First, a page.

The truth about the efficiency of renewable energy boils down to one word: economics.
According to conventional wisdom, it has long been understood that renewable energy will have a marginal impact on our everyday lives if coal-based electricity continues to be cheaper. In India, with the tariffs on solar and wind-based electricity falling below that on coal-based power, the prospects of renewable energy in the country have changed for good. The trajectory of India’s shift to renewable energy can be seen in the way international publications like The New York Times have covered the renewable energy sector in India – from scathing articles condemning India’s dependence on coal-based energy to more recent articles lavishing praise on the country’s renewable energy ambitions.
The watershed moment for renewable energy in India occurred on October 2, 2016, when it officially ratified the Paris Agreement of 2015. According to the terms of the Paris Agreement, India is set to replace 40% of its existing energy capacity (close to 175 GW of power) with renewable energy. India is a solar-surplus country with a vast untapped potential for solar-based power generation. So it is only natural that of the 175 GW renewable energy target, 100 GW is expected to be generated from solar energy.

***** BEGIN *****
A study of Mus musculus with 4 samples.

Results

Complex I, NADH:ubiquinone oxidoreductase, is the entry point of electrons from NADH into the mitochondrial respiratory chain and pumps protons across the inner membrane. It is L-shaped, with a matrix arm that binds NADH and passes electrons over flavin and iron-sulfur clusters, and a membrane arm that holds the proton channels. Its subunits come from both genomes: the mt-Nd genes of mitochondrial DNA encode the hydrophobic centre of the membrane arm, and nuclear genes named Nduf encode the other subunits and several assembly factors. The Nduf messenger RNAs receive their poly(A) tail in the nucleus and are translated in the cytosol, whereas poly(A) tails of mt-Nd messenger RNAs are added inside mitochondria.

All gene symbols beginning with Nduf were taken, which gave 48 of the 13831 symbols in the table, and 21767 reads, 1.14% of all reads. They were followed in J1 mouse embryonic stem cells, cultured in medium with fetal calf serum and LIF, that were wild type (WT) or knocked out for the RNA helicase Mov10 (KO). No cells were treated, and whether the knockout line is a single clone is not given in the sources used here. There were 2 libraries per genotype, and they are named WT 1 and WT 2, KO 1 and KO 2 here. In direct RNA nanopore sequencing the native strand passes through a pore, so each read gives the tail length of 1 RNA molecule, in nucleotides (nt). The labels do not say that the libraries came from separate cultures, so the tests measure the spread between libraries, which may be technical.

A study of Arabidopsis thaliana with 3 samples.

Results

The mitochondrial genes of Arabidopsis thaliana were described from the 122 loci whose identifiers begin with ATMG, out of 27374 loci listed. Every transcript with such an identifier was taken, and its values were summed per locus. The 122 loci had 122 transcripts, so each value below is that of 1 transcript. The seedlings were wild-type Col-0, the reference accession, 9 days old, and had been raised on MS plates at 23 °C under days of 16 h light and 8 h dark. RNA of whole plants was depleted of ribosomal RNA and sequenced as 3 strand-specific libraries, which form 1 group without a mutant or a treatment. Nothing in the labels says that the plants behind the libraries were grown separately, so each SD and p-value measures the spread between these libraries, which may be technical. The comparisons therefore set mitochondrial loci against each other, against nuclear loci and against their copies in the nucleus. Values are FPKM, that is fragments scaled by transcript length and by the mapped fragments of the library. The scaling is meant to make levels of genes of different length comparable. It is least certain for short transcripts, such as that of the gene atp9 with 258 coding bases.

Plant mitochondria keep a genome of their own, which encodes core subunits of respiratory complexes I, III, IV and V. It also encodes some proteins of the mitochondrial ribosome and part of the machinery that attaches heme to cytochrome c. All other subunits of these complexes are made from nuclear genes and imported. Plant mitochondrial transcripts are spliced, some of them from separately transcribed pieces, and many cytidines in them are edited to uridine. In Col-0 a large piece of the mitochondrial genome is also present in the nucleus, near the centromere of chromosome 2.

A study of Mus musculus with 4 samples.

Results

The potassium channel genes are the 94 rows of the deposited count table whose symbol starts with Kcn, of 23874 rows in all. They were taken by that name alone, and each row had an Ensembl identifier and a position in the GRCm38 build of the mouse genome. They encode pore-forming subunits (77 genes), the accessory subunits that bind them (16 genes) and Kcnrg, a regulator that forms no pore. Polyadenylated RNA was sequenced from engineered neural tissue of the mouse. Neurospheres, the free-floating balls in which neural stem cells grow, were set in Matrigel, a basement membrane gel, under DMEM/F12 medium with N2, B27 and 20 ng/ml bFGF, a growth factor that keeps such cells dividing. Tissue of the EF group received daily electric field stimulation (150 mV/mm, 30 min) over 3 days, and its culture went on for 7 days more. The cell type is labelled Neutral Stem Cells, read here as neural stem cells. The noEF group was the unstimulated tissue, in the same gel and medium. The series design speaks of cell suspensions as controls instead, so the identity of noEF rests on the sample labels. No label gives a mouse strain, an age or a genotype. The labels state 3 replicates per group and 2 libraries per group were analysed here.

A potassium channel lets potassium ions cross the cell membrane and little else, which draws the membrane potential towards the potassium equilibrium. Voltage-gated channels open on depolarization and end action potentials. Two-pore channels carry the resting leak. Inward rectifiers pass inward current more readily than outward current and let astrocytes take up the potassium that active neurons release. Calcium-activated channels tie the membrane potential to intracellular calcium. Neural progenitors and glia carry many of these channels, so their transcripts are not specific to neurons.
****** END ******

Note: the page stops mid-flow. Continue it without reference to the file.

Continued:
Despite these bold steps for sustainable energy generation, nearly 240 million people in India continue to live without electricity. For a majority of India’s population, the challenge when it comes to energy is two-fold: finance and accessibility. For many people, the money spent on accessing power represents a significant part of their livelihood. At the same time, the existing grid-based power systems have not reached everyone in the country, leaving millions in the darkness.
The Kotra tehsil in Udaipur district, Rajasthan, is one such region in India without access to grid-based electricity. Kotra has the same problems as other remote, tribal regions in India – a chronic lack of access to healthcare, education and livelihood opportunities. The lack of access to energy compounds many of these problems, stifling development in the region.
Vivek Shastry, an energy analyst at the SELCO Foundation in Bengaluru, has been working with the community in Kotra, providing them with electricity through decentralised solar systems. According to him, “Energy is an entry point for many people. All development in agriculture, livelihoods and agro-based industries follow from there.”
For communities like the ones in Kotra, decentralised renewable energy systems – individual solar units or community wind turbines – could very well provide an alternative way of accessing energy. Despite the remoteness and relative backwardness of the region, solar power is not an alien concept to the people here. Over the past decade in Kotra, several cheap, China-made solar units have flooded the market. A few years ago, an initiative by the state government also provided many of Kotra’s residents with heavily-subsidised solar units. The cheap China-made solar products were often of poor quality and stopped working within a few years of use.